Archive | September, 2012

Make Shrubs (Drinking Vinegars)

17 Sep

peach shrub

One of the reasons that I love cocktails is that they’re fancy and delicious without being overly sweet (depending on which cocktails you choose to make, of course).  The alcohol or bitters or tonic is a nice way to balance the natural sweetness of fruit juice or the sugar in something like a simple syrup. But I often find myself wanting something to sip on that isn’t alcoholic, yet still possesses the balance of sweet/tart/strong that a cocktail has.  I love Kombucha, which is both uncloyingly sweet and tart and effervescent, but dude, that stuff is pricey.

I was thinking about this conundrum the other day and remembered reading about shrubs, or “drinking vinegars.”  Basically,  shrubs are vinegars that have been infused with fruit and sometimes sugar, which you can drink with sparkling water for a sweet and tart sparkling beverage.  I decided to try this with some Bragg’s Apple Cider Vinegar, which, if you believe the customer reviews on Amazon, will cure a laundry list of ailments, from dandruff to allergies to problems with sleeping, and some fresh peaches.  It’s an acquired taste to be sure, and the taste is definitely more vinegar than peach, but I love the uber-tartness of it when I dilute it with some sparkling water. My sweetheart, on the other hand, can’t stand the stuff.  Give it a shot and see what you think.

vinegar and peaches, mid-infusion

Peach Shrub

  • 1 pound peaches
  • 1 cup granulated sugar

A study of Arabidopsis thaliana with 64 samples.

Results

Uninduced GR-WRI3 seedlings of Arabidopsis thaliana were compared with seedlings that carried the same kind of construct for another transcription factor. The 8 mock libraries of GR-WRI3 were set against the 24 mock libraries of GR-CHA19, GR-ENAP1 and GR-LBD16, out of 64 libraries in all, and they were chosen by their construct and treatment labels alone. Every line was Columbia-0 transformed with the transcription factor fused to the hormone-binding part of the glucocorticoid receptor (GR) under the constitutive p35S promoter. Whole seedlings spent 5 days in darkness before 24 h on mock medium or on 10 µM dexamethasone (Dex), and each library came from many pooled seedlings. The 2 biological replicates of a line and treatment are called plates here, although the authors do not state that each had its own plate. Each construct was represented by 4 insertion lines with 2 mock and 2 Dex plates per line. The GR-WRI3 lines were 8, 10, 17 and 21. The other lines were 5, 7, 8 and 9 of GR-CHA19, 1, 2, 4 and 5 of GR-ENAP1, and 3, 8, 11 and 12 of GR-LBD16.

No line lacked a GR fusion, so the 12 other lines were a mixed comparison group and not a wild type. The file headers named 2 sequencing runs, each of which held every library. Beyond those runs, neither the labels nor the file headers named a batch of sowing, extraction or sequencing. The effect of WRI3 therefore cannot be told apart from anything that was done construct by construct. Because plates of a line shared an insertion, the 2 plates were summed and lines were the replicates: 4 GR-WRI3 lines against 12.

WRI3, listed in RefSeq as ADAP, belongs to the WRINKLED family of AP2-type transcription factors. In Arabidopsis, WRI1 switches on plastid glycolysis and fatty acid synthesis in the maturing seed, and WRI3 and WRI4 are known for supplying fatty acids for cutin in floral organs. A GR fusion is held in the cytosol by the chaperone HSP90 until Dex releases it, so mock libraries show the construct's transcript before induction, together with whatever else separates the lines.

• 1 cup apple cider vinegar
  • 10 to 20 fresh basil leaves
  1. Halve, pit, and cut the peaches into 1-inch pieces and place in a medium, nonreactive bowl.
  2. Add the sugar and toss until the peaches are thoroughly coated and most of the sugar has dissolved. Cover tightly with plastic wrap and refrigerate for 2 days, checking after 1 day to make sure that all the sugar on the bottom has dissolved. (If the sugar hasn’t dissolved, toss again.)
  3. Add the vinegar and basil and stir to combine. Cover tightly with plastic wrap and refrigerate for 7 to 10 days.
  4. Set a fine-mesh strainer over a medium bowl. Strain the peach mixture, pressing on it with a rubber spatula or wooden spoon to extract all of the liquid; discard the contents of the strainer. Transfer the peach shrub to a pint jar or container, cover with a tightfitting lid, and store in the refrigerator for up to 6 months.  Drink with sparkling water over ice.

For more recipes like this one, check out the Domesticity page.


Cocktail of the Week: Bourbon+Rhubarb

4 Sep

A friend recently game me some rhubarb juice to experiment with, which made me very happy because I friggin love all things rhubarb.  I decided to pair it with bourbon, mostly because that’s what we had on hand, but also because I thought the earthy tartness of the rhubarb would work well with bourbon.  And I think I was right.  This drink is tart and a little sweet, with a kick.  Shawn and I enjoyed sipping them on the porch.

Bourbon+Rhubarb Cocktail

  • 2 oz rhubarb juice
  • 1 oz bourbon
  • juice of 1/2 lemon
  • sparking water or ginger ale

Pour rhubarb juice, bourbon, and lemon into a glass of ice and stir.  Top with sparkling water or ginger ale if you want to add some sweetness.

To Make Rhubarb Juice:

  • Chop washed rhubarb into 1/2″ to 1″ pieces.
  • Place chopped rhubarb in a large, non-reactive, pan.
  • Add just enough water to cover the rhubarb, bring to a boil, and then simmer on “low” until rhubarb is soft, about 30 minutes, stirring occasionally.
  • Strain the mixture through a very fine sieve, pressing with the back of a spoon to extract the juice.
  • If you want to sweeten the juice, do so by adding about 1/4 cup of granulated sugar for each 2 lbs. of rhubarb.

For more recipes like this one, check out the Domesticity Page.